What is it like in Guede Chantier, Senegal?

Jun 26, 14 What is it like in Guede Chantier, Senegal?


Dr. Ousmane Aly Pame, mayor of Guédé Chantier and President of the Global Ecovillage Network (GEN) Africa shares:

The setting is hot and dry, a desert environment with occasional sandstorms … quite harsh at it is as the threshold of the desert, yet it does have some respite with green spaces and a public garden. There are clay buildings, tomatoes and rice as primary crops, community fish farming and a sizable population of bees. Unfortunately, pesticides have been introduced to their farming practices, something they are hoping to reverse. Before the presence of Monsanto, all of the villages in the areas had gardens, and one of the intentions is to use systems such as the reed bed system Dr. Ousmane Aly Pame and Hamet Thial observed at the Damanhur nucleo community Porta della Luna. The intention for Guédé Chantier’s agricultural renovation is to increase the variety of plants and crops and also organic productions, which already began in 2008, though there are nearby conventional farming areas to convert to organic.

Guédé Chantier has a health center that was founded by the women of the community, where the knowledge and use of traditional medicine is being recuperated, and yet there is also need for modern medical infrastructure and equipment, such as an ambulance.

Guede youthThe youth of Guédé Chantier are educated to be active protagonists in civic duty and respect for the environment, participating in neighborhood clean-ups and anti-plastic days at school. A youth group “Les Éco-sentinelles” uses theatre to increase awareness of environmental and social issues, blending art and activism.

Ousman described the feeling of solidarity in the community fabric at Guédé Chantier, how the whole community comes together for sharing important moments and events, such as births and funerals. No one feels alone! There is a rich culture in this village, from dances to legends that are told through storytelling, theatre and song. They are also quite sensitive to subtle realms, perceiving the invisible beings that live near water for example. Although Ousman has had numerous experiences in international settings, teaching at the University of Exeter in the UK for example, he said that despite the material comforts of life there, he was constantly thinking of his people with concern and nostalgia, so in the end he returned to Senegal. He chooses to live there close to his community and people. Ousman says, “What is real security? SGuede circleome people find it in a bank account and a full refrigerator, but what about happiness? Here we have very little, though we share everything and are always smiling. We work together, eat together. Everyone is taken care of.” This spirit of richness in human connection, and security in sharing and solidarity is the spirit of the ecovillage movement, finding meaning and value beyond the material measures.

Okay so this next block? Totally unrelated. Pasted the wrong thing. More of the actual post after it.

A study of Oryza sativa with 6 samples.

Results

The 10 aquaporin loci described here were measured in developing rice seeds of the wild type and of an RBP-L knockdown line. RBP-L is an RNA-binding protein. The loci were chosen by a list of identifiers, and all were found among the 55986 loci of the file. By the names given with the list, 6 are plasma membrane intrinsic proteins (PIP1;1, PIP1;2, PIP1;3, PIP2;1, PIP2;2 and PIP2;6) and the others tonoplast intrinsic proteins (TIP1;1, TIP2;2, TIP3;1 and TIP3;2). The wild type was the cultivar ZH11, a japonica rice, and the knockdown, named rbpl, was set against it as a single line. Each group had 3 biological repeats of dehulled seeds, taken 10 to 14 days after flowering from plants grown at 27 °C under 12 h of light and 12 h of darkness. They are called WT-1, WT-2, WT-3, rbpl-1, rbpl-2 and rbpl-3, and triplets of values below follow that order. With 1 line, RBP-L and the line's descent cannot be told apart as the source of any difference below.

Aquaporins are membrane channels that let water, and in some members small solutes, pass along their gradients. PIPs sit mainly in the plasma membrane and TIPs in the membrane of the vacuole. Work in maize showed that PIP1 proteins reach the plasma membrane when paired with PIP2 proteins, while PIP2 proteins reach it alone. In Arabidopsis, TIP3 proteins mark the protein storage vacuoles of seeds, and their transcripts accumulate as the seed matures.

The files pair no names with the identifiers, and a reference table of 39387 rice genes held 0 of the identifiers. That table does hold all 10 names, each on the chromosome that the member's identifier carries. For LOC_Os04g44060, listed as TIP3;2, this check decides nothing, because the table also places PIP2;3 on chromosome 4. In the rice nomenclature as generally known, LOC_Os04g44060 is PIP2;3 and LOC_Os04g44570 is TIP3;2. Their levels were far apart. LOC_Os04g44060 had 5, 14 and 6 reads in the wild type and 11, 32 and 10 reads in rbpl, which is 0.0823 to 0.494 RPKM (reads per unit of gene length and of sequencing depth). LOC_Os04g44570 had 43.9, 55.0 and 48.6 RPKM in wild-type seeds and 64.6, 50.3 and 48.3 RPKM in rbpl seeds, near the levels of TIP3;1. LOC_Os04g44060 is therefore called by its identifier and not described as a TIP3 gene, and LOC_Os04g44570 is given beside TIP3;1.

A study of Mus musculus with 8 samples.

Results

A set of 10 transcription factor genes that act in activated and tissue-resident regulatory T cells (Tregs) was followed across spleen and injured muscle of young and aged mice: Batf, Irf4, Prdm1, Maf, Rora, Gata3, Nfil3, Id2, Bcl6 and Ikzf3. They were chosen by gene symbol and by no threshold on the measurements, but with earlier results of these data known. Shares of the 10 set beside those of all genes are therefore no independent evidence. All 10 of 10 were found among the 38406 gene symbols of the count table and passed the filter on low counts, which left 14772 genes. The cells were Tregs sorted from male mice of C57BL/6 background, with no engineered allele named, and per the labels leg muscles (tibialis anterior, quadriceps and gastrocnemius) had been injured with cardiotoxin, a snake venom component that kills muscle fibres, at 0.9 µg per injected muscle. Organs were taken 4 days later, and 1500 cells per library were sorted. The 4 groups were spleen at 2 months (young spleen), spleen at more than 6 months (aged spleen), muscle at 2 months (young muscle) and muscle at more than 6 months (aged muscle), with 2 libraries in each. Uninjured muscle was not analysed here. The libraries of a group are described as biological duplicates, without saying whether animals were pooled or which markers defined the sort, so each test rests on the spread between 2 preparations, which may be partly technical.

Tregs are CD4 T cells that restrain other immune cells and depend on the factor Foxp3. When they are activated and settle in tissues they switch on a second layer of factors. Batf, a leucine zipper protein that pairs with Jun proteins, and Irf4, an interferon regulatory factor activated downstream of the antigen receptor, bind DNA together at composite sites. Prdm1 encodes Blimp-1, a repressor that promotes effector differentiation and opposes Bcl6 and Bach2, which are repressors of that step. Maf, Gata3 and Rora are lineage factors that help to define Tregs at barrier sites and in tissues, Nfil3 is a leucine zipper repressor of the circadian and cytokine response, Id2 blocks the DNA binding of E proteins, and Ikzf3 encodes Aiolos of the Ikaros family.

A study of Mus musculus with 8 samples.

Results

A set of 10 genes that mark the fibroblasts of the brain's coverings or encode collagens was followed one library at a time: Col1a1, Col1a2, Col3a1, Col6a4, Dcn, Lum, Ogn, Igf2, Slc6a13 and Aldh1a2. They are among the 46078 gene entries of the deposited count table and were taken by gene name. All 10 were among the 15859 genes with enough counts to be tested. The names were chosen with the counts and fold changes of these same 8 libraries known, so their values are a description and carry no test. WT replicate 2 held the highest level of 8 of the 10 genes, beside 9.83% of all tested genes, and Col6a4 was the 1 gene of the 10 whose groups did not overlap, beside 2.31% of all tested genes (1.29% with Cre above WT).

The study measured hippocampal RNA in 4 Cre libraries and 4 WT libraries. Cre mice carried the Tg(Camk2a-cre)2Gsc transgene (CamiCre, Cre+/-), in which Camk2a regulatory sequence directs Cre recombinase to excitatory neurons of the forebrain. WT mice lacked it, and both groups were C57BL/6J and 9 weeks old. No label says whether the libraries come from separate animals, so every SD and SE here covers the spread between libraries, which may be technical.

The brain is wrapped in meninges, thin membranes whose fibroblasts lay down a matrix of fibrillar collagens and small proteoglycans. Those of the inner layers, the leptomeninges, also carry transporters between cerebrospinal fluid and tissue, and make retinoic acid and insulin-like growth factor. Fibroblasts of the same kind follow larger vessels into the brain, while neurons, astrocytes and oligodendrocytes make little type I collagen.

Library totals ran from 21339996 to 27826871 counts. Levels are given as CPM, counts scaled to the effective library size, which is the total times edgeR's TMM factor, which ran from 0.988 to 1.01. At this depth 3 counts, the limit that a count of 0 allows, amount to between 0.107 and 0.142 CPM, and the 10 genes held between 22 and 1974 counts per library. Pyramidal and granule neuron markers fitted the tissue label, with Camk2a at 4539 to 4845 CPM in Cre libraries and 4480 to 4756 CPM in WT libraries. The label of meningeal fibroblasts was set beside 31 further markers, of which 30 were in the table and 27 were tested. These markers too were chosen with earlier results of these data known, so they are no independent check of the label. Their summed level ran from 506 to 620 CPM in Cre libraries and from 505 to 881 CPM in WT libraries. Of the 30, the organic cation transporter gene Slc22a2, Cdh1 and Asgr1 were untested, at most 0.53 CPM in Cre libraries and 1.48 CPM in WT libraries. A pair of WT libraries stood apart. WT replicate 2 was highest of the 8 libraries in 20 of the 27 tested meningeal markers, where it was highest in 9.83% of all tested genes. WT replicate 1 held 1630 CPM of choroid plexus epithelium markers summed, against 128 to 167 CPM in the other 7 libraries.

Guédé Chantier does have quite a lot of international contact and visitors, in rural campuses with Living Routes, Carthage College, the University of California Los Angeles, as well as several high schools. The eco-community also participates in the Global Ecovillage Network (GEN) Africa and the Ecovillage Design Education (EDE) program.

The community leaders would like to increase their exchanges of technical knowledge as well as culture, through arts, crafts, music, myths and legends. Guédé Chantier shares our ideals for peace, bringing peoples of the planet together and preserving the ecosystem of the Earth, and it is with great honor and pride that we have become their sister community. We look forward to future sharing and continued friendship!


What is real security to you? What are the advantages of living a modern metropolitan life vs. an ecovillage one? Comment below…





  1. Matt /

    Wish I had been there to meet the Senegal community. I’m going to Kenya next summer to do volonteer work. Really curious about Africn communities and culture. Seemslike it is very natural to think like a community family for them. Maybe I’ll go to Guede Chantier sometime too. see you there?

    • Hi Matt! Wish you could have been here too! You are always welcome to come visit.

      In addition to our dear friends from Senegal, we also welcome the local Madagascar community for cultural nights sometimes.

      Enjoy your travels and service in Africa!